The Crisis (Pt 4)

May Day strikes

On May 1, International Workers’ Day, a wave of worker and renter strikes swept the United States. Workers protested the dangerous conditions in which they are forced to work during the COVID-19 pandemic. Among the companies struck were Amazon, Walmart, FedEx, Target, Instacart, Shipt, and Whole Foods. The May Day strikes show the increasing influence the internationalist traditions of the world workers’ movement is having on the U.S. working class, especially among the lowest paid and most exploited workers. The current medical-biological-economic-employment crisis has only deepened this tendency.

Also, and this should be noted, the internationalist implications of the global May Day holiday stand in complete opposition to the traditional AFL-CIO union leaders, Bernie Sanders, and many progressives and newly minted “democratic socialists” going down the disastrous road of economic nationalism and China bashing. Trump and the other economic nationalists, both Democrats and Republicans, are trying to divert attention from the disastrous mishandling of the pandemic by the U.S. government — both federal and state — to China. More on this in the coming weeks.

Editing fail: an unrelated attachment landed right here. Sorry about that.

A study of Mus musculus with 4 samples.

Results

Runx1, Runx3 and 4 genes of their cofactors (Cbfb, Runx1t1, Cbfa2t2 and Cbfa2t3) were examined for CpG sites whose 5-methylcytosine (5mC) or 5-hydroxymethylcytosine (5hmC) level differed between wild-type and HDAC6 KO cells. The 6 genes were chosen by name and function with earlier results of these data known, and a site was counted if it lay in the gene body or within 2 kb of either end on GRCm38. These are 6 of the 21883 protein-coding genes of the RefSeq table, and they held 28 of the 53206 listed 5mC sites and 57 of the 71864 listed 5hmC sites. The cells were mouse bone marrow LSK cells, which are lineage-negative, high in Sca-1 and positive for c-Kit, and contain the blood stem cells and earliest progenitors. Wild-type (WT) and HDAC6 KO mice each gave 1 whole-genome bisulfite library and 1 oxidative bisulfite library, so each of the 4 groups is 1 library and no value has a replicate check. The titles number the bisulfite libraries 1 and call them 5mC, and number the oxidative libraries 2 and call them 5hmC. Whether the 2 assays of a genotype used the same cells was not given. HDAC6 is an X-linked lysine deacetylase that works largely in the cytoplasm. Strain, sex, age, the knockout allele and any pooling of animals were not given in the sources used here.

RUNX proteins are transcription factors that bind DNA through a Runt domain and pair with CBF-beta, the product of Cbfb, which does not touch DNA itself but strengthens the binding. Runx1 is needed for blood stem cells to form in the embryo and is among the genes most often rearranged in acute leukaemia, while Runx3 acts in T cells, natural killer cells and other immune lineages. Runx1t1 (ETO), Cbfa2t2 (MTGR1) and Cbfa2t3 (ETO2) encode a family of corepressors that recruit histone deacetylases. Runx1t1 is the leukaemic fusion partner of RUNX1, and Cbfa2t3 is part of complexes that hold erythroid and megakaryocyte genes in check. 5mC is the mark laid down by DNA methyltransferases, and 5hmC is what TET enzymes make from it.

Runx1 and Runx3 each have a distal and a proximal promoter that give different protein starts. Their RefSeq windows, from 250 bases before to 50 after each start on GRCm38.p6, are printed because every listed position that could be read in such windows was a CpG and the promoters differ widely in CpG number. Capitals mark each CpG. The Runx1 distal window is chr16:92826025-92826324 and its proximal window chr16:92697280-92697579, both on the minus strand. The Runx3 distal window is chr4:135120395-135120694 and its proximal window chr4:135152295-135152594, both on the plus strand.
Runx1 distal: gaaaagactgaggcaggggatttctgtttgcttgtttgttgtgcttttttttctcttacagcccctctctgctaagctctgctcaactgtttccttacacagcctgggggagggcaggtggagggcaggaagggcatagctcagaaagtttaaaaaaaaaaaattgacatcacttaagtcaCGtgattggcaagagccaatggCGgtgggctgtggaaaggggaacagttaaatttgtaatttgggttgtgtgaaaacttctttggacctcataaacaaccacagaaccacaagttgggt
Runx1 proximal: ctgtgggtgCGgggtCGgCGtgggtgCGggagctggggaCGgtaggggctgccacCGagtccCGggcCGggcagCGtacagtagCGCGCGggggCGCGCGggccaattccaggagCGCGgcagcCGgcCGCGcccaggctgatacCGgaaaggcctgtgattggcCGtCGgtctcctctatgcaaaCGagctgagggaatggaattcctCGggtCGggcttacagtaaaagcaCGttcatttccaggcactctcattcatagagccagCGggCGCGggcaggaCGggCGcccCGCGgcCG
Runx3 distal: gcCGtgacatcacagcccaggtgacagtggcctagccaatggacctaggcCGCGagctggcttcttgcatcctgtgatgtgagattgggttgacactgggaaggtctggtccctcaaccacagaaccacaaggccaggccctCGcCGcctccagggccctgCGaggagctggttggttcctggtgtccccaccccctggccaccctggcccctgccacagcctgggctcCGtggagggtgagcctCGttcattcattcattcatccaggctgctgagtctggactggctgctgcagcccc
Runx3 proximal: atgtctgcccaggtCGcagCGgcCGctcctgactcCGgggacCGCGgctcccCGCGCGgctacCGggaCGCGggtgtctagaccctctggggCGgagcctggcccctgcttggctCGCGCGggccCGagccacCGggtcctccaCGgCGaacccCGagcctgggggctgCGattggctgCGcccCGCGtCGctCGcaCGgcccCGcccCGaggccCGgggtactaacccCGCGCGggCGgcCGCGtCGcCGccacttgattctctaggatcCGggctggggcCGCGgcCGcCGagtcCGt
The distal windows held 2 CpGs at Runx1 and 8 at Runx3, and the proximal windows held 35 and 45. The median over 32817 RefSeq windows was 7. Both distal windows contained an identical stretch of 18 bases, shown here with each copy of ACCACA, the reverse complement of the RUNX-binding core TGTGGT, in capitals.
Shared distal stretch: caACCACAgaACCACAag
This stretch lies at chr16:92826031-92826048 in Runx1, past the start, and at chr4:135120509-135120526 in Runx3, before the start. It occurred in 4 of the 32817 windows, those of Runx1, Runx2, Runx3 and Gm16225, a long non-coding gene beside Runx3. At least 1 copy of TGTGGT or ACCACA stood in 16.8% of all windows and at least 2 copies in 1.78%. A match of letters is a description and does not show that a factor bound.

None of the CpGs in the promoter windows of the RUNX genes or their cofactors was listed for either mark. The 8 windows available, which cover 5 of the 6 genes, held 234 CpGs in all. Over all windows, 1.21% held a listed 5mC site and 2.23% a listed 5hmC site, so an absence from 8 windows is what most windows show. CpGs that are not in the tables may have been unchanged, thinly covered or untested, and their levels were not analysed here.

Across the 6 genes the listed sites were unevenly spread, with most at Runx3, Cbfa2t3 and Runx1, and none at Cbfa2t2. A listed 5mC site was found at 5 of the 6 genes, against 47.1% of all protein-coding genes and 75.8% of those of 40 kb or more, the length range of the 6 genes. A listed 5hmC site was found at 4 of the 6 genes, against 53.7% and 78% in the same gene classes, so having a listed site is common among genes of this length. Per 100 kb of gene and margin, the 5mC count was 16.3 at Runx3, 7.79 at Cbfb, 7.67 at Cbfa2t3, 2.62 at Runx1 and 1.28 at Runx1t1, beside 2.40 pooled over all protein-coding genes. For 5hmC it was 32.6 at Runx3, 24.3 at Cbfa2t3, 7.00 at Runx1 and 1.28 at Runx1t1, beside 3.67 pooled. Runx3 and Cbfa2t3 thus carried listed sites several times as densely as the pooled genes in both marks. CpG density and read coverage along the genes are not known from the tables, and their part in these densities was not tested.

‘Party of Order’ versus Sanders

As we saw last week, Bernie Sanders has for many years operated well within the limits of capitalist, or — to use traditional Marxist language — bourgeois, politics. He has done nothing to organize an independent workers’ party or an independent workers’ media, either print, radio-TV or Internet. Nor is he internationalist like the working-class leaders of the past, such as Sanders’ personal hero Eugene Debs. Rather, Sanders is an economic nationalist and an imperialist dove.

Why then is the Party of Order so hostile to Sanders? As its leaders know full well, capitalism has in many countries survived presidents and prime ministers far more radical than Bernie Sanders. No knowledgeable person believes that U.S. capitalism would be in danger of being abolished under a Sanders administration.